So there among the leaves I slept, my heart sore stricken, the whole night through, until the morning and until midday; and the sun turned to his setting1
ere sweet sleep released me.
Then I saw the handmaids of thy daughter on the shore at play, and amid them was she, fair as the goddesses. To her I made my prayer; and she in no wise failed in good understanding, to do as thou wouldst not deem that one of younger years would do on meeting thee; for younger folk are ever thoughtless.
She gave bread in plenty and sparkling wine, and bathed me in the river, and gave me this raiment. In this, for all my sorrows, have I told thee the truth.”
Then in turn Alcinous answered him, and said:“Stranger, verily my daughter was not minded aright in this,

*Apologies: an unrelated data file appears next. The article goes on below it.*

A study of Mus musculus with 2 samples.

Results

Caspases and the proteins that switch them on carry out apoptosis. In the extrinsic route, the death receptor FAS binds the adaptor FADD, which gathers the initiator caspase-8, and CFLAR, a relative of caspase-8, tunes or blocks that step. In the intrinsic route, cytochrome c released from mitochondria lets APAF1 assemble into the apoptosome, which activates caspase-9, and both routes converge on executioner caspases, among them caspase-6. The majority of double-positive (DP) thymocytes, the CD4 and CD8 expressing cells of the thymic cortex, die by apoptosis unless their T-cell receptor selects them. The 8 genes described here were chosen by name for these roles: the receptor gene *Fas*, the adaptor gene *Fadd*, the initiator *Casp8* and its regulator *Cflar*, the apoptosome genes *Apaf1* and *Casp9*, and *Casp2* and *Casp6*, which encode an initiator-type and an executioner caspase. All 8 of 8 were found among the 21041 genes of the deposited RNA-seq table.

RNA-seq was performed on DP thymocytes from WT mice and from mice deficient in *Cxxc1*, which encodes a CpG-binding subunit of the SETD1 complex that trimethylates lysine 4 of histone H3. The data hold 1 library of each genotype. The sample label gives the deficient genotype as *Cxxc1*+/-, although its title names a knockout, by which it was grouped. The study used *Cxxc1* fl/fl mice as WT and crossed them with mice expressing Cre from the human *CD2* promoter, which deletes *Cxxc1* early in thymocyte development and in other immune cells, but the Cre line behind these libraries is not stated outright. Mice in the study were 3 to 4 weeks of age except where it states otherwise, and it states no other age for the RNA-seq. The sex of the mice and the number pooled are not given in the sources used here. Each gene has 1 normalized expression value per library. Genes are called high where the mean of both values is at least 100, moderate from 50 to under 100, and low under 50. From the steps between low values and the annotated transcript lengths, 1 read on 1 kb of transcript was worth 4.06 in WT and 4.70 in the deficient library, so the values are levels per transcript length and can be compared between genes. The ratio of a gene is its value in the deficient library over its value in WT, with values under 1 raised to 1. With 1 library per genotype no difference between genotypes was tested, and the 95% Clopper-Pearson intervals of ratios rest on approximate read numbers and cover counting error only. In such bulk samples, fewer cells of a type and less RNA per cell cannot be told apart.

that she did not bring thee to our house with her maidens. Yet it was to her first that thou didst make thy prayer.”
Then Odysseus of many wiles answered him, and said: “Prince, rebuke not for this, I pray thee, thy blameless daughter. She did indeed bid me follow with her maidens,
but I would not for fear and shame, lest haply thy heart should darken with wrath as thou sawest it; for we are quick to anger, we tribes of men upon the earth.”
And again Alcinous answered him, and said:“Stranger, not such is the heart in my breast,
to be filled with wrath without a cause. Better is due measure in all things. I would, O father Zeus, and Athena and Apollo, that thou, so goodly a man, and like-minded with me, wouldst have my daughter to wife, and be called my son, and abide here; a house and possessions would I give thee,
if thou shouldst choose to remain, but against thy will shall no one of the Phaeacians keep thee; let not that be the will of father Zeus.